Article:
Amnesty calls on Egypt to tackle legacy of abuse
Brutality » Group says military and police still use excessive force to deal with protests.
First Published Oct 02 2012 02:45 pm • Last Updated Oct 02 2012 02:47 pm

Cairo • Amnesty International on Tuesday took Egypt’s new president to task for failing to address the "bloody legacy" of abuses by security forces committed under military rule after the fall of Hosni Mubarak, which continue even after the establishment of the country’s first freely elected government.

The group urged President Mohammed Morsi to hold the military accountable for the killing, torture and sexual abuse of protesters during the 18 months when the generals held power after Mubarak’s February 2011 ouster.


"Unless there is a clear political will to confront this and to provide the families of the victims with truth and justice, things are not going to change," Hassiba Hadj Sahraoui, deputy director for Amnesty’s Middle East and North Africa Program, told The Associated Press.

"For the moment, police officers, soldiers are confident that they can commit violations with impunity without ever having to answer for any of their acts," she said.

Two extensive reports released by the London-based human rights group in Cairo on Tuesday detailed cases of rights abuses by the army and police, focusing on six separate incidents of crackdowns on protests that killed at least 120 people. Amnesty said thousands of protesters were injured or maimed — with documented cases of loss of eyesight — during the crackdowns, and that detainees were tortured in custody.

Most of the crackdowns took place during the post-Mubarak period of rule by a council of generals, during which soldiers had a major role in keeping security inside the country. The military has largely backed down from that role ever since Morsi, of the Muslim Brotherhood, was inaugurated at the end of June as the new president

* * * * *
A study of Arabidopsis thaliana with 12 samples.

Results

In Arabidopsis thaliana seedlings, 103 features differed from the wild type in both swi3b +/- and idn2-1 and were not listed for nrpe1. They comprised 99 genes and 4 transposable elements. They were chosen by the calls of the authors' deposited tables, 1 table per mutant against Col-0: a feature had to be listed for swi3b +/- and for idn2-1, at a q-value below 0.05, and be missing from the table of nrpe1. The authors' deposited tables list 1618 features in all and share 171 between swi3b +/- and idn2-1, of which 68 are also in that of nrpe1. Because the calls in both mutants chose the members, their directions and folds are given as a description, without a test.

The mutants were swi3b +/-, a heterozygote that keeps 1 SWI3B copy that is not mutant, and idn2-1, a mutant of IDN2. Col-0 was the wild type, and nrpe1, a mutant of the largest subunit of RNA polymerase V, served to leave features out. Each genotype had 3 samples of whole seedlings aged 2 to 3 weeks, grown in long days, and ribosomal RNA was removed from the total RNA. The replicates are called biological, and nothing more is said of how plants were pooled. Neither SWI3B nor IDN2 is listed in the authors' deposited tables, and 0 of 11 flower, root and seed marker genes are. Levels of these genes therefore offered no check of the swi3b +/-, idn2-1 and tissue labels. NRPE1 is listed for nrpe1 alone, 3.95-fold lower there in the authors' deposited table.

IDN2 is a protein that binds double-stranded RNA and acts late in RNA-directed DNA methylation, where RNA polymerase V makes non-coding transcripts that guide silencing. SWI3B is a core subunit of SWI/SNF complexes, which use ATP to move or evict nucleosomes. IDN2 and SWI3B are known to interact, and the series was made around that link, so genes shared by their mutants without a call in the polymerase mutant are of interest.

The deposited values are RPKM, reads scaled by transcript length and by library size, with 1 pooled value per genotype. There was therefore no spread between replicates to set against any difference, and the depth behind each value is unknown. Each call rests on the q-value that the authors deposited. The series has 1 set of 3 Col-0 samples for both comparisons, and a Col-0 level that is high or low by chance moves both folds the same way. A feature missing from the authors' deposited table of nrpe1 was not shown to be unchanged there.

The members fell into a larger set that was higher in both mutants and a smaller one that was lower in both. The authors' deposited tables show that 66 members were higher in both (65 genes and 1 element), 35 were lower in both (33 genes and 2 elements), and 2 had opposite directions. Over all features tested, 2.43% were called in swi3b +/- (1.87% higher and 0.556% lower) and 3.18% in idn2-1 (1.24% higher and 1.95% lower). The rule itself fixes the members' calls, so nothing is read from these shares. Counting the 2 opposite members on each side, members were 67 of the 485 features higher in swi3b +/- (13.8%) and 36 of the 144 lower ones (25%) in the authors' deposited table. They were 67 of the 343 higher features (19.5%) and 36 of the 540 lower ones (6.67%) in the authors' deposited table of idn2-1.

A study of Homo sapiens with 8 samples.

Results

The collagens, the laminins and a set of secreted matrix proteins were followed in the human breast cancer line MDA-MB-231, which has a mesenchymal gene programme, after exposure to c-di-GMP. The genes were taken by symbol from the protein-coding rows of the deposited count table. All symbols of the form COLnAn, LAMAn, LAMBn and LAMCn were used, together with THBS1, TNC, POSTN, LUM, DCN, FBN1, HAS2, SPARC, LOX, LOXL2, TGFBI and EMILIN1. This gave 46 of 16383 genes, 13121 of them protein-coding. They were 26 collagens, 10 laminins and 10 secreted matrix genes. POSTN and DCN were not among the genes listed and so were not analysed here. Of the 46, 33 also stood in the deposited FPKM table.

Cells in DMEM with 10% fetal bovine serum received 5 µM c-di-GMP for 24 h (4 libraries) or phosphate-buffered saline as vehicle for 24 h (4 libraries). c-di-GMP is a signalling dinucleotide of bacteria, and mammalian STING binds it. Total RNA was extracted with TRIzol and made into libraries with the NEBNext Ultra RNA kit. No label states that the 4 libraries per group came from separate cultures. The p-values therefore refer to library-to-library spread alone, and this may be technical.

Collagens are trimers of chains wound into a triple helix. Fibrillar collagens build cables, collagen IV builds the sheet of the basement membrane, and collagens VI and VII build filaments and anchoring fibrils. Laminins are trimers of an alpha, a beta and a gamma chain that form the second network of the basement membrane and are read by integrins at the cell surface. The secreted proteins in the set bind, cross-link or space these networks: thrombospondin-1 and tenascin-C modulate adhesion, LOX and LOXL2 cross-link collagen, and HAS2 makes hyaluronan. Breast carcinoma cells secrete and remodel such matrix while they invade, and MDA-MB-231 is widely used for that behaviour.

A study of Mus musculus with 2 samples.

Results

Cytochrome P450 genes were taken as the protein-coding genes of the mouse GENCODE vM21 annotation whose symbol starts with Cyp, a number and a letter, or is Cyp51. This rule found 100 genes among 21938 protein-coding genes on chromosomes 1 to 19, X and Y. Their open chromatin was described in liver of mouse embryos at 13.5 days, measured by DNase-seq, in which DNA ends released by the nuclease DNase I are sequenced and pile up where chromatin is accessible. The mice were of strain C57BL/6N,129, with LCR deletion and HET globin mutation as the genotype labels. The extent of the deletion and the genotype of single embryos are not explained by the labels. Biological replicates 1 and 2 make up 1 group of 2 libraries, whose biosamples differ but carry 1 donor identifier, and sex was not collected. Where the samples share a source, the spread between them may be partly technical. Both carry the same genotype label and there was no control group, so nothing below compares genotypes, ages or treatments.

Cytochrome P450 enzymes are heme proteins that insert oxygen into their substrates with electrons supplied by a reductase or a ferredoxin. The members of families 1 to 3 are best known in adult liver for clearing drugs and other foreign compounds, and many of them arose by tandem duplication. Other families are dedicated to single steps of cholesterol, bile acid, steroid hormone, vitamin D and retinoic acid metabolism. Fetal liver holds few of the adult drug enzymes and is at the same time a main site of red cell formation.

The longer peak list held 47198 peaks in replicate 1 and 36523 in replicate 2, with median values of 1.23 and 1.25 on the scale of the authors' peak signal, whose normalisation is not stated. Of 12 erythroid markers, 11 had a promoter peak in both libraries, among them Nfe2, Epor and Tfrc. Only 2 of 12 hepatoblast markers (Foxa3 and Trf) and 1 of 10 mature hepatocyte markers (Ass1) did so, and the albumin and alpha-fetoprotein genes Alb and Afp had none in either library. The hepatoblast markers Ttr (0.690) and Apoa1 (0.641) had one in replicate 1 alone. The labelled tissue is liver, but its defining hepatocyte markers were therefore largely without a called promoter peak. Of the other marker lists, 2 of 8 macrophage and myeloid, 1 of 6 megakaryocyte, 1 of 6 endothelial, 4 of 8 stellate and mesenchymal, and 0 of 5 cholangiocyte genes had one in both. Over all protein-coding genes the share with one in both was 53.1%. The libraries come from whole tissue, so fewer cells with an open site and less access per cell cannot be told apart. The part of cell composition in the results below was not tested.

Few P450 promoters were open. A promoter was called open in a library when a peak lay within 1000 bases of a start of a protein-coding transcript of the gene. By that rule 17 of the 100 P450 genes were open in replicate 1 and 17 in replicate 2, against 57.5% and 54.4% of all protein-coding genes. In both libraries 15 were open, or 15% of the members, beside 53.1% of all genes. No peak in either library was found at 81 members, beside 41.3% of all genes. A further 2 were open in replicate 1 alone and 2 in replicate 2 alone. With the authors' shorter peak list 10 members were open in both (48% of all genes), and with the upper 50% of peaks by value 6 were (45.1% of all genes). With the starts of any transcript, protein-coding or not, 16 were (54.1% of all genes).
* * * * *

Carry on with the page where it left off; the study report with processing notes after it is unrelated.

But Morsi’s failure to seek accountability from the police and military for those abuses has only fueled a culture of impunity that is allowing violations to continue, Amnesty warned. One of the Amnesty documented cases of violent crackdown by the police against protesters took place after Morsi came to power in August, in which one was killed.

Officials in Morsi’s office did not respond to requests by The Associated Press for comment on the report.

Karim Ennarah, a researcher with the Egyptian Initiative for Personal Rights who spoke at a news conference by Amnesty on Tuesday, said it appeared that police abuses are getting worse in the three months since Morsi came to power.



"The police is acting as if it is an armed gang. It lost control and is trying to regain it by resorting to excessive force," Ennarah said.

In its reports, Amnesty said the country’s new leadership must "tackle the bloody legacy of official abuse and guarantee that no one is above the law in Egypt."

Security abuse and flagrant human rights violations were among the sparks that ignited the uprising against Mubarak. Thousands took to the streets initially to protest a young man’s brutal death by police beating in 2010.

After Mubarak’s regime was ousted in the popular uprising and the army took over, protesters increasingly denounced the military for its excessive use of force, for targeting women protesters, beatings and sexual abuse — including the notorious "virginity tests" that female detainees were forced to go through after being taken into custody by soldiers.

Amnesty noted that at least 12,000 civilians, mainly protesters, have been tried before military tribunals while only three soldiers and a military doctor have faced a military court over abuse of authority. And only one security officer was brought to trial for killing and injuring protesters in one of the six documented cases.

"The only thing we have done (since the uprising) is lose our sons. That’s it," said Mary Daniel, the sister of a protester killed last year during a military crackdown on rally. "We have gone from bad to worse."

Amnesty said the army’s response to protests was "disproportionate," citing cases when live ammunition was fired as demonstrators lobbed stones or firebombs at the troops. It also cited incidents of army vehicles running down groups of protesters, in one case killing several demonstrators.

Amnesty quoted one protester, Wael Saber Bshay, whose brother was crushed by a military armored personnel carrier during an Oct. 9, 2011 protest that killed 27 people, mostly Coptic Christians.

"We were in a state of shock that the army, which is supposed to protect us ... attacked us," Bshay told Amnesty. "If we were in a state of war with an enemy, I don’t think this would have happened."

The Amnesty report also documented that Egypt continued to receive deliveries of small arms and equipment from abroad, including from its largest supplier the United States, despite the violent crackdowns.